Wendy Given and Ryan Pierce: mysteries in the wilderness

The exhibition 'Eyeshine' combines the work of Ryan Pierce and Wendy Given that grew out of a shared Signal Fire Outpost residency


Eyeshine is the first of a series of exhibitions that Wendy Given and Ryan Pierce are presenting around the subjects of wildness and the night. In the bright and airy Autzen Gallery at Portland State University, the artists reflect and touch upon these and other interests that stem from the natural world.

The idea for Eyeshine came together as Given and Pierce hosted this past summer’s Signal Fire Outpost Residency—an intensive residency program set on public land. Their discussions, usually at night after full and active days, wandered around such topics as wilderness, animal and plant imagery, nocturnal life, and the embodiment of mysticism.

'Eyeshine' features the work of Wendy Given and Ryan Pierce at Autzen Gallery, PSU/Photo by  Matt Blum

‘Eyeshine’ features the work of Wendy Given and Ryan Pierce at Autzen Gallery, PSU/Photo by Matt Blum

Though both artists are inspired by nature, their work doesn’t idealize the natural world, and neither takes on romantic notions of the untrammeled landscape. Rather, both Given and Pierce are concerned with nature in its present condition through an historic lens—a contentious landscape, rife with the consequences of modernity.

Three of Pierce’s paintings in the exhibition are outdoor still lifes. Their suggestion of beauty is entangled with the threat to the landscape—natural, invasive, and manmade objects, side by side. Using flashe acrylic and spray paint, the paintings’ flat quality emerges. Even the light source appears harsh, as if under direct noon light, unforgivingly exposing all surfaces.

Pierce’s sculptural works focus on the image of the conquistador—an antagonist recently a focus in the artist’s body of work—with haunting mask-like faces. Invasive #7 is installed like a museum collection of culled objects from deep under sea. The metallic glaze outlining the marks of where they have broken or cracked emphasizes their museological preciousness. Just like the tradition of kintsugi—the Japanese art of showing the object’s history of breakage and repair—the breaks in Invasive #7 seem to symbolize broken marks upon the lands the conquistadors encountered, marks of colonization, still evident today.

Ryan Pierce's paintings show landscapes in less than pristine condition, and his sculpture is often about the conquistadors/Matt Blum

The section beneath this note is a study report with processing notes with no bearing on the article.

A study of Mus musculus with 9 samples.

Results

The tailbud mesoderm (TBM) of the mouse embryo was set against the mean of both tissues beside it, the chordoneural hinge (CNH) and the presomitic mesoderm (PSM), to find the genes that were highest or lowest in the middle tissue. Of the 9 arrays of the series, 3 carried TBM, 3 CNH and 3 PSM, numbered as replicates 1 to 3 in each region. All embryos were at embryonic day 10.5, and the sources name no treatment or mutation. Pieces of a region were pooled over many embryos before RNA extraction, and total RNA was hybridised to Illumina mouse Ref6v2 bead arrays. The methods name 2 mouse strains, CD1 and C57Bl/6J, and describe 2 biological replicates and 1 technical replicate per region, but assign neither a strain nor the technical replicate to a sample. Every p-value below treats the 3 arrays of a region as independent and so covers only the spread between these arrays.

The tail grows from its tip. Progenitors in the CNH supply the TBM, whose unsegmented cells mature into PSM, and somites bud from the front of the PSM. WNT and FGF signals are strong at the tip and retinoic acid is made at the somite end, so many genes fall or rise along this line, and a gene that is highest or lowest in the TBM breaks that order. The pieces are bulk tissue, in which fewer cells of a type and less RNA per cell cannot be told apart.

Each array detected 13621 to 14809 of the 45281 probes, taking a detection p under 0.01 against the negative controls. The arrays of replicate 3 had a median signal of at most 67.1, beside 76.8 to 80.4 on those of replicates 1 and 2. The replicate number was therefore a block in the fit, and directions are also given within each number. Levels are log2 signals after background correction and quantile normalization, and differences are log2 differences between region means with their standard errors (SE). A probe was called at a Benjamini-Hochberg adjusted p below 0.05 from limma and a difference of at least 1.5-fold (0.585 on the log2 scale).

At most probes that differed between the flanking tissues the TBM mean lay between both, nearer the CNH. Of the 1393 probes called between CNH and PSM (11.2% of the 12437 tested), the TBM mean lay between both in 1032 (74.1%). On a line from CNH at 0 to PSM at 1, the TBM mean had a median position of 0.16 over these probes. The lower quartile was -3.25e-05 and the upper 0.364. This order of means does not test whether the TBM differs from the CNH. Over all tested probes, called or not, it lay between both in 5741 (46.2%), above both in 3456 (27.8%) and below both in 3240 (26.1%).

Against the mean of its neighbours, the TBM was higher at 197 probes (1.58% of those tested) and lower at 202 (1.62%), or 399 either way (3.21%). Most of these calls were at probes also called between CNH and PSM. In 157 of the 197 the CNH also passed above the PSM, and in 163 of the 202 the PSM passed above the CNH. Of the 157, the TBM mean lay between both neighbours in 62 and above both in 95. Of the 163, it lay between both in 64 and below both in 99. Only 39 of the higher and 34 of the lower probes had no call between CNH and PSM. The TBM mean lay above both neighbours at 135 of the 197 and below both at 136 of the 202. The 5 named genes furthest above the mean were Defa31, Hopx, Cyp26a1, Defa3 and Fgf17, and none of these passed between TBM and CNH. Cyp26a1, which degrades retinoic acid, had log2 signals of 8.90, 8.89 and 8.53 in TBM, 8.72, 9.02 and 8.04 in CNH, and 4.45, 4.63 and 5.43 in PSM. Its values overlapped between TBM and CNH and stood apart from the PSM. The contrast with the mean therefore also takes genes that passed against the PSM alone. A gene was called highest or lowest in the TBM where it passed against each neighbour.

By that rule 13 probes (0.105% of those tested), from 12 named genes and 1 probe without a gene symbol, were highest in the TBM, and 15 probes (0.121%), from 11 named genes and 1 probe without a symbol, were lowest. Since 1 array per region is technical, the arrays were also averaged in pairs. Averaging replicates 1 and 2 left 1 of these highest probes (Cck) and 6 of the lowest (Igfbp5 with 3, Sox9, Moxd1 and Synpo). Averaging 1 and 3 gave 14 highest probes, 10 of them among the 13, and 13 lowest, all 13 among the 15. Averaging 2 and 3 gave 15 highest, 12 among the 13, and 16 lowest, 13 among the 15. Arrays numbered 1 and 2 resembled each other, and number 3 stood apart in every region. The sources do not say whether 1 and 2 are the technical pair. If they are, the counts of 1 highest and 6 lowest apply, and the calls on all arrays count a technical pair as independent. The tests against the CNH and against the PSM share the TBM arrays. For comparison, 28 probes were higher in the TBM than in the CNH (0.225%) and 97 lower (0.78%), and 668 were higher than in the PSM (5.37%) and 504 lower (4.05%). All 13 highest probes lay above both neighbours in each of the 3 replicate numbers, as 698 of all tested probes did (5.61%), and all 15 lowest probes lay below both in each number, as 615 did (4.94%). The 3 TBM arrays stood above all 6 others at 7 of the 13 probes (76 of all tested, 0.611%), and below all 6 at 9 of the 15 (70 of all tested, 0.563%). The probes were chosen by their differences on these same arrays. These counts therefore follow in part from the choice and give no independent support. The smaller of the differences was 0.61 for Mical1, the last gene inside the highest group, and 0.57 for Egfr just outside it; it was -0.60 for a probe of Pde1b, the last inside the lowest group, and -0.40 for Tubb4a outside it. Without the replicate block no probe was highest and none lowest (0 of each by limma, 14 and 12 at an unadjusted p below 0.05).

Ryan Pierce’s paintings show landscapes in less than pristine condition, and his sculpture is often about the conquistadors/Matt Blum

As Pierce touches on the Age of Discovery as a parable for our contemporary moment, Given also looks to the past in this exhibition—the Romantic era touching upon nature with a gothic mood—oval shaped photographs, nocturnal sightings, imagery of crows, and peacock feathers. Unlike Pierce’s brightly lit subjects and artifacts crushed by time, Given’s sculptures and photographs emphasize the night, shadows, reflections, and the ethereal realm of alchemy.

The most striking visual element in the exhibition is Given’s hanging sculpture Cauda Pavonis, made of long peacock tail feathers with the eye of the feathers radiating out, hanging from the ceiling. The blackened feathers create a soft, yet dramatic silhouette. Their original bright colors are subdued in blackness, but with slow movement from a breeze, subtle shifts of color can be seen. In the alchemic term, the cauda pavonis (peacock tail) is when an array of colors appears through various stages of transformation. Given begins with blackening—a decomposition in alchemy—but the inherent colors of the feathers remain evident. Their transformative colors endure.

Given’s three photographs set in individual oval frames with a convex Plexi-mount give the illusion of eyes. In these landscapes, wiry branches appear like retinal blood vessels. Similar to the eye imagery in the peacock feathers in Cauda Pavonis, these photographs emphasize the presence of the eye, not only as a physical presence in the space, but underlining moments of inwardness from viewers. Similarly, Starshine is a mirrored octahedron reflecting the interior space of the gallery and the people who walk nearby, slightly altering our visual cue of space, and ultimately directing the viewer inward.

Though the approaches in the practices of Given and Pierce are rather different, Eyeshine creates an engaged conversation between works and subjects, with space to breathe and reflect upon shared ideas.

Eyeshine is the first in a series of exhibitions Pierce and Given will work together on. Eyeshine closes Friday, January 29. Their next exhibition, titled Nocturne, is scheduled to open at whitespace in Atlanta, Georgia, on April 1, 2016.